What To Make Of Mumford’s Metamorphosis

What To Make Of Mumford’s Metamorphosis

Mumford and Sons’ ‘Wilder Mind’ only demands, like a bad significant other: Explain me, for I cannot explain myself.
James Poulos

Confronted with changing public tastes and a wave of watered-down soundalikes, Mumford and Sons has avoided this trap. But in doing so, the band has done the unthinkable. Unfortunately, the more you think about it, worse this news becomes.

With “Wilder Mind,” Mumford and Sons have scrapped their old sound; but bands have scrapped their old sound before. The new sound they’ve embraced (in the care of that dude from The National) is moderately moody, moderately heavy, moderately portentous, and moderately pop. But bands have done that before, too. In a plain and calculated way, Mumford has turned in a record that’s more mainstream, but less significant, than their earlier work—following, again, in a not-so-proud tradition.

Driving Listeners to a Wilder Mind

So, what’s the problem?

Simple: they have done all these things without any evidence of panic, depression, confusion, or catharsis—in short, without any of the telltale signs of being actual artists or even actual humans. And it shows. “Wilder Mind” is one of the most unintentionally devastating journeys that a thoughtful music lover can make this year.

Its title bears no rational relation to its musical content.

Jorge Luis Borges coined the term zahir to describe an accursedly banal and random object that drives the viewer to obsessed distraction. Because no other explanation seems wholly adequate, it can’t be ruled out that “Wilder Mind” is Mumford and Sons’ attempt to create a zahir. Its title bears no rational relation to its musical content, which marries The Killers’ late-career dirges to The War on Drugs’ unchanging, clicky percussion. Lushly produced but ultimately featureless, Kings of Leon for people who don’t remember Kings of Leon, the title “Wilder Mind” hints obscenely at the ordeal in store for the listener.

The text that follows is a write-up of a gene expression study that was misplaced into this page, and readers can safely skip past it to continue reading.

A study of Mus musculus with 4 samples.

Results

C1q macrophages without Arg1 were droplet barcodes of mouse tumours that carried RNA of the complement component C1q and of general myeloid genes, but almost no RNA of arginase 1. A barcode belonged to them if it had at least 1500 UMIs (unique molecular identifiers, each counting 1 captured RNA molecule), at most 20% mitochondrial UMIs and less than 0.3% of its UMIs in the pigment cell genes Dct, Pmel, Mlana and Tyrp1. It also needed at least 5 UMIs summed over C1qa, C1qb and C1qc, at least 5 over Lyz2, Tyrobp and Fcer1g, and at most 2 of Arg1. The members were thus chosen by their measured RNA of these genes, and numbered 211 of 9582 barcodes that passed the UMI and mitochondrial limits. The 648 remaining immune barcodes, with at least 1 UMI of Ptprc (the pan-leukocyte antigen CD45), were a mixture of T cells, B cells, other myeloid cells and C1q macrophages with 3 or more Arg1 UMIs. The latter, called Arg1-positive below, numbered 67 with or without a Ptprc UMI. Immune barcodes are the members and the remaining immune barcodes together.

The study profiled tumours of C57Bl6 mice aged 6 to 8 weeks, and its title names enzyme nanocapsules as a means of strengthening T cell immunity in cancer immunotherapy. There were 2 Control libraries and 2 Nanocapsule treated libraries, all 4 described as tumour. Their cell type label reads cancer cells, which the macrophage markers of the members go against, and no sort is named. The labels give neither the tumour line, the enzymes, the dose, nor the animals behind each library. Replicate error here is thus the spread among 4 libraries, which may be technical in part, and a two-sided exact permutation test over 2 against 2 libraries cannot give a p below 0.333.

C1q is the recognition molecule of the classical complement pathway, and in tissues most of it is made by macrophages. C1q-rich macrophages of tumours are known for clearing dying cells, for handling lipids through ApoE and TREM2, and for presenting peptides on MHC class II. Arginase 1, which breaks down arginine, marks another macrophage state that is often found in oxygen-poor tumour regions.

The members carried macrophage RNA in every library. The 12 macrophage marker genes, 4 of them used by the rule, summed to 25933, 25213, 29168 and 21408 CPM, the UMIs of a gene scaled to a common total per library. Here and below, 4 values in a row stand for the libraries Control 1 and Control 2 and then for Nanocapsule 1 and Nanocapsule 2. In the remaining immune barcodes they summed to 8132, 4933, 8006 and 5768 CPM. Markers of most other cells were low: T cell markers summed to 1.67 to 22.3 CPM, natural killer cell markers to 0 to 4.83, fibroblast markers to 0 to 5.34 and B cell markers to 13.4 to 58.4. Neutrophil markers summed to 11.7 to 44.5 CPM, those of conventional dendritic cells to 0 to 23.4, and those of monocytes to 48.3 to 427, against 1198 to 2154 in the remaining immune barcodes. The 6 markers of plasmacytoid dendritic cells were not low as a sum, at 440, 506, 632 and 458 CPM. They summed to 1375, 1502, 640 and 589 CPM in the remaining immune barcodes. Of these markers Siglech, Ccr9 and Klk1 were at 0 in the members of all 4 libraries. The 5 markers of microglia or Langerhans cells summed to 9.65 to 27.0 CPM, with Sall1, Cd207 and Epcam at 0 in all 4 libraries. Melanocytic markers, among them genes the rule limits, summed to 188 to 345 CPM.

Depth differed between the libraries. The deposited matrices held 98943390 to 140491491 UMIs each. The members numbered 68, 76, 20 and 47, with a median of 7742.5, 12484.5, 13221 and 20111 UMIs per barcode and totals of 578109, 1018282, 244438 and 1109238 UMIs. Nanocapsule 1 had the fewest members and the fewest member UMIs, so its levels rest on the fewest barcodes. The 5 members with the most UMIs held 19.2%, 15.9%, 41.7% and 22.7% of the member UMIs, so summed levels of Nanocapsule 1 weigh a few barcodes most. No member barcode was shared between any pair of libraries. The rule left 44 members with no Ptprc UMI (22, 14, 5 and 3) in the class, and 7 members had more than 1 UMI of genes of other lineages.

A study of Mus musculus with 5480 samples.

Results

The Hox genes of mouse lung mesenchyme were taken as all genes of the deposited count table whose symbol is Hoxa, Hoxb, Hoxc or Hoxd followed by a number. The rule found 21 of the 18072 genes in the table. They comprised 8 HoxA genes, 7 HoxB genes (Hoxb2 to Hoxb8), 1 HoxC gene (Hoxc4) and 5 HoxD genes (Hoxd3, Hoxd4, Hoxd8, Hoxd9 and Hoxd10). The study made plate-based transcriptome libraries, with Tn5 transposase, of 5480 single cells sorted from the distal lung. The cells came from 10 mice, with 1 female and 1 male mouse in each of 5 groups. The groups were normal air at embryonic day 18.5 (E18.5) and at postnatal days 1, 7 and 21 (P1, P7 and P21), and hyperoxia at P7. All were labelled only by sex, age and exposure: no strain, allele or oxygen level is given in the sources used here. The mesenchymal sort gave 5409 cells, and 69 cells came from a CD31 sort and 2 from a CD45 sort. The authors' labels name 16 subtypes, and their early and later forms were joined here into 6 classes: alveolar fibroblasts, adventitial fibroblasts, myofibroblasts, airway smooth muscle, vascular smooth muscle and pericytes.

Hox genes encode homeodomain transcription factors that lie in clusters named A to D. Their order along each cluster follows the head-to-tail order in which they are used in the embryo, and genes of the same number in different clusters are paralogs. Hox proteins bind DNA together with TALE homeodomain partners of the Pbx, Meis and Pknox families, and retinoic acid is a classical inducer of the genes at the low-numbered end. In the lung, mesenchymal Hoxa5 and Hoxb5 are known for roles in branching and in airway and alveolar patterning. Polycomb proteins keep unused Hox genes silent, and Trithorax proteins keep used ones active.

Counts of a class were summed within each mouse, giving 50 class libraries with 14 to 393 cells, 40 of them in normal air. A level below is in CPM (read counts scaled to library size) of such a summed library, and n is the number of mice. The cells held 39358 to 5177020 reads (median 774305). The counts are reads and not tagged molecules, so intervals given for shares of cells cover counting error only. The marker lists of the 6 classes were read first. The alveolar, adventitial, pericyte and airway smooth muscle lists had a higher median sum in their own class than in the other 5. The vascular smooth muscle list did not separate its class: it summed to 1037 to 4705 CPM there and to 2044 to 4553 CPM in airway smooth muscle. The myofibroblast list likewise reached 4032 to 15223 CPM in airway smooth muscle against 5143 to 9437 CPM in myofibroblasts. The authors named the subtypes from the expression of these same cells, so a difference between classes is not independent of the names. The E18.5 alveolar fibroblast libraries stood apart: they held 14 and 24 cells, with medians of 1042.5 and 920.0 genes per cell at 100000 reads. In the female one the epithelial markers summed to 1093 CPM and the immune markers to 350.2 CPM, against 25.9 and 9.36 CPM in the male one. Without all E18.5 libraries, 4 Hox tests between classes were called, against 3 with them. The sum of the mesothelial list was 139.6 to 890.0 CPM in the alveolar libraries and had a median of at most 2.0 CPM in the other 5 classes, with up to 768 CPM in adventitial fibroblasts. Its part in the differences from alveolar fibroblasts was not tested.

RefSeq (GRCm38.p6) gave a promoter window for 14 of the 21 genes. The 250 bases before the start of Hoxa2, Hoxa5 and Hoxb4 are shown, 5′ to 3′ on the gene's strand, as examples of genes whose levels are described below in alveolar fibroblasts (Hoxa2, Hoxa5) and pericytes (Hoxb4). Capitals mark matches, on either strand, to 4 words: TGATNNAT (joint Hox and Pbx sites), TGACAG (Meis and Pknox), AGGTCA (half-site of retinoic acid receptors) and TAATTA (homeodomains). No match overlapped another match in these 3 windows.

To wit: you will be left in the wake of an unclassifiable cipher to guess, in vain, whether it is too bro or too hipster, too stale or on trend, a vision of our musical future or the vision of a Nothing that is eating the future of music—blurring away the distinction between good and bad until our paralyzed souls simply permit music to happen, whatever it is or isn’t, whoever is or is not responsible for bringing it into the world.

Shedding Mumford’s Identity—For What?

As inert and pitiless as the Sphinx, “Wilder Mind” JUST IS. It’s still there, in my head, although I can only piece together memories and clues from the shaky notes I scrawled on a Post-It pad.

It’s not that Mumford has given us something stunningly adult contemporary. It’s that nothing seems to be truly at stake, as it is with Don Henley, Michael McDonald, or even Hall and Oates. It’s not that Mumford has shed its character, spontaneity, and texture in favor of the smooth, slick sounds of the monoculture. It’s that they’ve forgotten that Miley, Taylor, and Haim can get away with this move by piling on instantaneously catchy hooks and melodies.

Imagine if Coldplay were somehow better and worse at the same time.

It’s not even that they’ve given in to Manchild Syndrome, brooding away on the relationship problems of bearded boys who can’t stay young but can’t grow up. Bands like Airborne Toxic Event and Twin Shadow have managed to do something fresh with similar themes—but, oh right, they’ve done so by doubling down on electronic music or theatrical production. Mumford won’t even do that. Their instrumentation has shed its identity.

The effect is that you, too, begin to lose your identity. Do you like this music? Do you hate it? Can you care? Imagine if Coldplay were somehow better and worse at the same time. What can you do with this information? Were you better off never having hear this at all? No matter how deep and menacing the questions, “Wilder Mind” remains, undisturbed, pitched directly at your approval sensors yet comprehensively not about you.

If there is any hope of a final thought about what Mumford and Sons have done, it is this: after listening, you may need to run to the nearest EDM festival. Suddenly, those predictably pulsing beats and coming-a-mile-away drops will seem resolutely urgent and full of visceral life. A song like Avicii’s “Wake Up”—every bit as trenchant and anthemic as “Wilder Mind” posits itself to be—will become a cornucopia of honest, open, and celebratory delights.

With a decent groove and a hummable tune, even the most opportunistic hodgepodge of country, soul, dudebro, and electro gives you some love. Hagridden with lovelorn signifiers (if you can manage to key into the lyrics), “Wilder Mind” only demands, like a bad significant other. Listen to me. Puzzle over me. Indulge my ineffable mystery. Explain me, for I cannot explain myself.

Yet, no matter how unbearable a relationship like this, we’ll damn well endure it, if only the chemistry’s right. Though “Wilder Mind” was clearly assembled in Dr. Faust’s laboratory, chemistry is the one thing it’s entirely without.

James Poulos is the Executive Editor of The American Mind, an online publication of the Claremont Institute. He is the author of The Art of Being Free.